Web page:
The MN State Fair promotes animal agriculture and encourages eating meat and dairy products. But meat and dairy products are filled with saturated fats, cholesterol, hormones, pathogens, and antibiotics that harm your health. Ask yourself: Why would the MN State Fair promote a diet that is harmful to human health?
Milk and other dairy products are the biggest source of saturated fat in Americans’ diets, contributing to heart disease, diabetes, and Alzheimer’s disease. Dairy consumption is also linked to increased risk for prostate, breast, and ovarian cancers.
Dairy products contain cholesterol. Cholesterol is a wax-like substance produced by the liver that helps build cell membranes and produce hormones. Our bodies produce plenty of cholesterol naturally. We don’t need to consume extra cholesterol through our food.
Diets high in fat, saturated fat, and cholesterol increase the risk of heart disease, America’s #1 killer. And it’s no surprise that cheese is the leading source of artery clogging saturated fat in the American diet. Cheese is especially dangerous because cheeses are typically 70 percent fat.
Research also shows that dairy products have little or no benefit for bone health. Most studies fail to show any link between consumption of dairy products and bone fractures.
Far from a health food, cow’s milk can also cause bloating, cramping, and diarrhea in many individuals. That’s because 65% of the global population, including a vast majority of people of color, are lactose intolerant. Lactose intolerance affects about 95 percent of Asian Americans, 74 percent of Native Americans, 70 percent of African Americans, 53 percent of Mexican Americans, and 15 percent of Caucasians.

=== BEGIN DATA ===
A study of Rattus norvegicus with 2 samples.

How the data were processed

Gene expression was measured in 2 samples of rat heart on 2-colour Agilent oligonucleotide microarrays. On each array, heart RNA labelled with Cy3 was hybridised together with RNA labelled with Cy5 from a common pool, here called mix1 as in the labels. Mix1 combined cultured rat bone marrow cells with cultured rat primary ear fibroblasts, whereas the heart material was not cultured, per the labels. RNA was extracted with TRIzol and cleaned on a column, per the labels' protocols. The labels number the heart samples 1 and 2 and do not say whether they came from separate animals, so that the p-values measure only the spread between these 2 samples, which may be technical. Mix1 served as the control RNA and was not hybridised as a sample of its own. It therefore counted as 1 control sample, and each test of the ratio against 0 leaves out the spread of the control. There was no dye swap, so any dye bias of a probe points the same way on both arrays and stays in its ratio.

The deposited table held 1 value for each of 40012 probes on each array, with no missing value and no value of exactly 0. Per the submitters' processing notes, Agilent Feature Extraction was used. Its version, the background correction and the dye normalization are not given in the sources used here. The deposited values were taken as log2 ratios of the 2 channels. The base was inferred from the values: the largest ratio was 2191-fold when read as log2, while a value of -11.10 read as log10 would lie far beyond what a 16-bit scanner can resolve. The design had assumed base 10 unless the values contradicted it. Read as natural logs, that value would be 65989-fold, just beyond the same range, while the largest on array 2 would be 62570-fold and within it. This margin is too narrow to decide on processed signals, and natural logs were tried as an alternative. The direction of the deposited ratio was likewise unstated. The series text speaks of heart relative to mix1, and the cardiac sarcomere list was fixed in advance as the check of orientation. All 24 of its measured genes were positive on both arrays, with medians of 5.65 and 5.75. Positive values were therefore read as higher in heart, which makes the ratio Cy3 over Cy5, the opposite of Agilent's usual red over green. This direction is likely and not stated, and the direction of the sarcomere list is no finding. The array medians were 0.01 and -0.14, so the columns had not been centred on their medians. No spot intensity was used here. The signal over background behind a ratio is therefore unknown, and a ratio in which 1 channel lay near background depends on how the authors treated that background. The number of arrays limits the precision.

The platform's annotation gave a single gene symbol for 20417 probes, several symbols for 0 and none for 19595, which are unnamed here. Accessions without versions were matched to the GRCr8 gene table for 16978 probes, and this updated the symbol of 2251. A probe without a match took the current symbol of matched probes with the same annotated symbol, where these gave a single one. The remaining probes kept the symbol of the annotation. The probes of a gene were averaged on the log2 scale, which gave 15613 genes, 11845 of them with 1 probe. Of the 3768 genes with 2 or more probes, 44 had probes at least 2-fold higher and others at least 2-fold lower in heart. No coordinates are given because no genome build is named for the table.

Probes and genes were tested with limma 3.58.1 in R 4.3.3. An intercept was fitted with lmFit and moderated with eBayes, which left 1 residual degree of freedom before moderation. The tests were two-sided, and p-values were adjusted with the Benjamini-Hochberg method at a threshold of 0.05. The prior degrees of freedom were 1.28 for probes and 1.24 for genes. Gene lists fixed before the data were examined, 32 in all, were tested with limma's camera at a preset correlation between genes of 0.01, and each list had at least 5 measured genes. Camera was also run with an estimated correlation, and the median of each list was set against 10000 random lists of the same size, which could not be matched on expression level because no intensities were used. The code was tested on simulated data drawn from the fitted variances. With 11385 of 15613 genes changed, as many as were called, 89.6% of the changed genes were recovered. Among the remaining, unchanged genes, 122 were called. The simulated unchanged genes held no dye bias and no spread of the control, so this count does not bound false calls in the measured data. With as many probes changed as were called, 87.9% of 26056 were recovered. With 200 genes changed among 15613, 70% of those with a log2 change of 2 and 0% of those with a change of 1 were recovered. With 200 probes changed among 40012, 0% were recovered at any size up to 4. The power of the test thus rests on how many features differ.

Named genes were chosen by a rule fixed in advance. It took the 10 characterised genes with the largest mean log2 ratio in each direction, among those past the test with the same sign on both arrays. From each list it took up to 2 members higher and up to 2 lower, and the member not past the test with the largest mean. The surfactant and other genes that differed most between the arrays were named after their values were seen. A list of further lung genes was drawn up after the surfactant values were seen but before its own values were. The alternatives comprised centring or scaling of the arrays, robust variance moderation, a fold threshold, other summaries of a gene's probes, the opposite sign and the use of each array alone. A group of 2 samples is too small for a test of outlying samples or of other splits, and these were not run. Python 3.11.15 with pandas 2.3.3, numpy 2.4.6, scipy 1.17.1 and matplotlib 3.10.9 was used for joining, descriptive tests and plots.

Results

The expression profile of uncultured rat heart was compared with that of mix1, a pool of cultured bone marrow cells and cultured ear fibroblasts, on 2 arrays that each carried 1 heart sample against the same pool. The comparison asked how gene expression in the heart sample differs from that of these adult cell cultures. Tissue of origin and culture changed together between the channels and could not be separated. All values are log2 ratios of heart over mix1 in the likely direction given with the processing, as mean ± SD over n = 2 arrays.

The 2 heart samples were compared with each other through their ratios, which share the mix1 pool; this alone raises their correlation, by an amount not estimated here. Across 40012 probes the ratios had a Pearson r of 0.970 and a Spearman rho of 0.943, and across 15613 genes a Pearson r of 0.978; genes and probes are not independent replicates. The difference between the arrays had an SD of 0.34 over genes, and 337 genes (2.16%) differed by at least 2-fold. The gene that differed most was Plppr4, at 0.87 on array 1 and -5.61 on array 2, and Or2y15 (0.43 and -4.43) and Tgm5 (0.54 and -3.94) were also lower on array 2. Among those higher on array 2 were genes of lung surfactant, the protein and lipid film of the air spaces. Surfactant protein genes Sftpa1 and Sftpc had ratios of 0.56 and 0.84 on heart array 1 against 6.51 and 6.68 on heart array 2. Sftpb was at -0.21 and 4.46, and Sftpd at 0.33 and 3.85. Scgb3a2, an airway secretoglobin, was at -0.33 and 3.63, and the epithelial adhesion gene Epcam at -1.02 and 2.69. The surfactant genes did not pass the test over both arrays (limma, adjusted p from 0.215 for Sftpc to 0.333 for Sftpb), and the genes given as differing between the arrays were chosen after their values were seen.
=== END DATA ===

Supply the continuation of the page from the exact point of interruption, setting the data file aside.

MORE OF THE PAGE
Carcinogens (a substance capable of causing cancer) occur naturally in chicken and are linked to breast, prostate, and other cancers. Chicken also raises cholesterol levels as much as red meat.
A typical serving of chicken is about 50% fat, and 30% of that is saturated (unhealthy) fat, which stimulates the body’s production of cholesterol.
The Centers for Disease Control and Prevention estimates that every year about 1 million people get sick from eating poultry products contaminated with harmful germs like Campylobacter and Salmonella. E. coli found in chicken feces may also be a major cause of urinary tract infections.
Although the USDA implements a “zero tolerance” policy for fecal contamination, this policy only applies to visible fecal contamination. Chicken products pass inspection if feces are not visible to the naked eye. According to one federal inspector, “We often see birds going down the line with intestines still attached, which are full of fecal contamination. If there is no fecal contamination on the bird’s skin, however, we can do nothing to stop that bird from going down that line… once the bird gets into the chill tank (a large vat of cold water), that contamination will enter the water and contaminate all the other carcasses in the chiller. That’s why it is sometimes called ‘fecal soup.’”
In fact, “Poultry Slaughter Procedures,” a USDA training video, reveals that the chicken slaughtering process ends with carcasses soaking in cold water – ‘fecal soup’ — for up to one hour before being packaged for consumers.
Eggs are marketed as natural, harmless, and inexpensive, but the fat and cholesterol found in eggs can harm heart health and lead to diabetes as well as prostate and colorectal cancers. About 60 percent of the calories in eggs are from fat, much of which is saturated fat. Eggs are also loaded with cholesterol, about 200 milligrams, and that’s double the amount in a Big Mac! Moreover, consuming one or more eggs per day may increase the risk of diabetes by 60 percent.